Everything's moving in The 39 Steps

On the face of it, an innocent man wrongly accused of murder wouldn't seem to be an apt subject for comedy. But Alfred Hitchcock made a quietly witty film about such a circumstance in 1935 with The 39 Steps. The stage version of that spy caper, now at the Cleveland Play House, turns the grins into guffaws thanks to a splendidly wacky production.

The craziness starts with a four-person cast, two of whom play the central characters and the other two who render virtually everyone else in London and Scotland. The players are abetted by ingenious staging devices involving windows, ladders, tables — all of which spin around on wheels as needed.

If you know the movie, you will appreciate many of the scene-by-scene send-ups, since the play hews closely to the film. But that knowledge isn't at all necessary to enjoy this romp. It begins when the dapper Richard Hannay, deliciously played by the debonair Nick Sandys, is bored at home and decides to do something utterly pointless — go to the theater. Soon, a gunshot rings out, and Hannay finds himself with a mysterious young woman named Annabella (Sarah Nealis, who also plays two other key female roles) on his arm. Whispering darkly about "The 39 Steps," she begs him to take her to his home.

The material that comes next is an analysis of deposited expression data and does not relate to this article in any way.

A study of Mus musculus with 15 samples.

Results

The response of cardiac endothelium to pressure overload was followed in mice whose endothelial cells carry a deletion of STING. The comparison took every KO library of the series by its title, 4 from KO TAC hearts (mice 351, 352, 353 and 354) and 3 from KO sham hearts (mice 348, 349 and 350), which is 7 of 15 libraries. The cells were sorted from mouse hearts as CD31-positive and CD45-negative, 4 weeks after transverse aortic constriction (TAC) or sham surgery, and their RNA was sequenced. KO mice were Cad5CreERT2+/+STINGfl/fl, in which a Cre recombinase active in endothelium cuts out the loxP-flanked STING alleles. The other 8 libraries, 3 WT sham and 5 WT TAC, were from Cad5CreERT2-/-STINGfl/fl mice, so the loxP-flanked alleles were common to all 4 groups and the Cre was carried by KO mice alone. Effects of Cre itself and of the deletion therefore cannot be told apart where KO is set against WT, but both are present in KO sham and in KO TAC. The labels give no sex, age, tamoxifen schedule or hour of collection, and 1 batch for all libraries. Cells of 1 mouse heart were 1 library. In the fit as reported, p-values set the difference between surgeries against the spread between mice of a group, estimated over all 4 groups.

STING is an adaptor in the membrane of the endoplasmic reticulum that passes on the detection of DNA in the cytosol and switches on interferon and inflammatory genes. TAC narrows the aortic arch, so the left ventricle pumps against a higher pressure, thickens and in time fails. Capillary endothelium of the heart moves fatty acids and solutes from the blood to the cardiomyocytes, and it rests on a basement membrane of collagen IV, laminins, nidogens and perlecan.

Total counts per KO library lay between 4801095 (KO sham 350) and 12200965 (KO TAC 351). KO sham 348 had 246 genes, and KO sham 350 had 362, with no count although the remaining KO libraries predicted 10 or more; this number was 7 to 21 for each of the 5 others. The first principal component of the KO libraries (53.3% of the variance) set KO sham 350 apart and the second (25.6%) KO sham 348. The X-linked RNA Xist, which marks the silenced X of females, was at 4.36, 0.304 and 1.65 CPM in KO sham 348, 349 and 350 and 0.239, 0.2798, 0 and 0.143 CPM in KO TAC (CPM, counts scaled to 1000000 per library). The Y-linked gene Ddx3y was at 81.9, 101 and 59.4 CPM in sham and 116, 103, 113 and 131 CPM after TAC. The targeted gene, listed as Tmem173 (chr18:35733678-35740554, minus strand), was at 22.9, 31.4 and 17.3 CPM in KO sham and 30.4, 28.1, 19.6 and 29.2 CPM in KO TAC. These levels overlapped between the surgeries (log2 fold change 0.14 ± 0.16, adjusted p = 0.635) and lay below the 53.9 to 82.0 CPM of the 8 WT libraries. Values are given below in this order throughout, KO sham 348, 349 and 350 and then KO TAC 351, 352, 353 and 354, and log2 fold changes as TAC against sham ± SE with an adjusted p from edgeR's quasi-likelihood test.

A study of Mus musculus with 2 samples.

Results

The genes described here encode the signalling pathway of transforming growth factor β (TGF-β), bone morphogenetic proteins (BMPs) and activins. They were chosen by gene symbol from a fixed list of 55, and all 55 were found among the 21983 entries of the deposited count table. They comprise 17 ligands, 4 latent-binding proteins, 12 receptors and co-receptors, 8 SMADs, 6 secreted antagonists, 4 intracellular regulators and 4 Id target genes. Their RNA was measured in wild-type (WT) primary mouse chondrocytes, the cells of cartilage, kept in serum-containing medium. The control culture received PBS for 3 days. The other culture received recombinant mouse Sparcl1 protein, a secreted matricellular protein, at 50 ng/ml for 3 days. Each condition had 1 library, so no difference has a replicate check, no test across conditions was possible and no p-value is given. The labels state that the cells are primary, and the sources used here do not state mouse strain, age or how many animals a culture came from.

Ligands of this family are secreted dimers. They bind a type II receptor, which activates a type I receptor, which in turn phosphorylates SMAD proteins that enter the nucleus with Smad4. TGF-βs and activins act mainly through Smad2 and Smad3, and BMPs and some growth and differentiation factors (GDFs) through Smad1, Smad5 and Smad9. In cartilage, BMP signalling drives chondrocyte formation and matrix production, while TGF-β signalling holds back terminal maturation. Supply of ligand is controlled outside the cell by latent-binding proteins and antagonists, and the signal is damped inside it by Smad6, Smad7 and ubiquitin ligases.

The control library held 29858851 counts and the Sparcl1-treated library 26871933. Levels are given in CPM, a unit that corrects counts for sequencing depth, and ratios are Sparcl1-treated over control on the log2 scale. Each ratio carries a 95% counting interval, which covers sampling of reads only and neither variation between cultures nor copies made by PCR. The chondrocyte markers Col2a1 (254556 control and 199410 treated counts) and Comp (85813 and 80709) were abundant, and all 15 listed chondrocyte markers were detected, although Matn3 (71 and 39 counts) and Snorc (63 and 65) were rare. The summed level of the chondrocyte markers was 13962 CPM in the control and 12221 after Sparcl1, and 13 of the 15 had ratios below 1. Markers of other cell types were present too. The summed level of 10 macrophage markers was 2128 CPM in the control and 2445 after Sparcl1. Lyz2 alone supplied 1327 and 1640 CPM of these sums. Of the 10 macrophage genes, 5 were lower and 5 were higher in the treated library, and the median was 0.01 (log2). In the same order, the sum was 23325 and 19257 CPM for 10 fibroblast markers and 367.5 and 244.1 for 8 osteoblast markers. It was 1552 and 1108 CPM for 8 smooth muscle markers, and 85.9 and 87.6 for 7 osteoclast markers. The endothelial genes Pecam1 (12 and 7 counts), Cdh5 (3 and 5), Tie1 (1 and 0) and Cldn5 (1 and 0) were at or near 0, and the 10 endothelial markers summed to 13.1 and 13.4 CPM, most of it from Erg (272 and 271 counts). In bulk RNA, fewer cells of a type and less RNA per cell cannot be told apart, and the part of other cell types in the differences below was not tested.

The next morning, that lady falls onto Hannay's lap, dead with a knife in her back, and suddenly Hannay is on the run for a murder he did not commit.

If you've sensed nothing funny so far, you're right. The humor is all in the fast and clever way characters appear and then interact with the sparse sets. All in all, it's a light-hearted evening without an iota of seriousness. But it's seriously funny in all the right ways.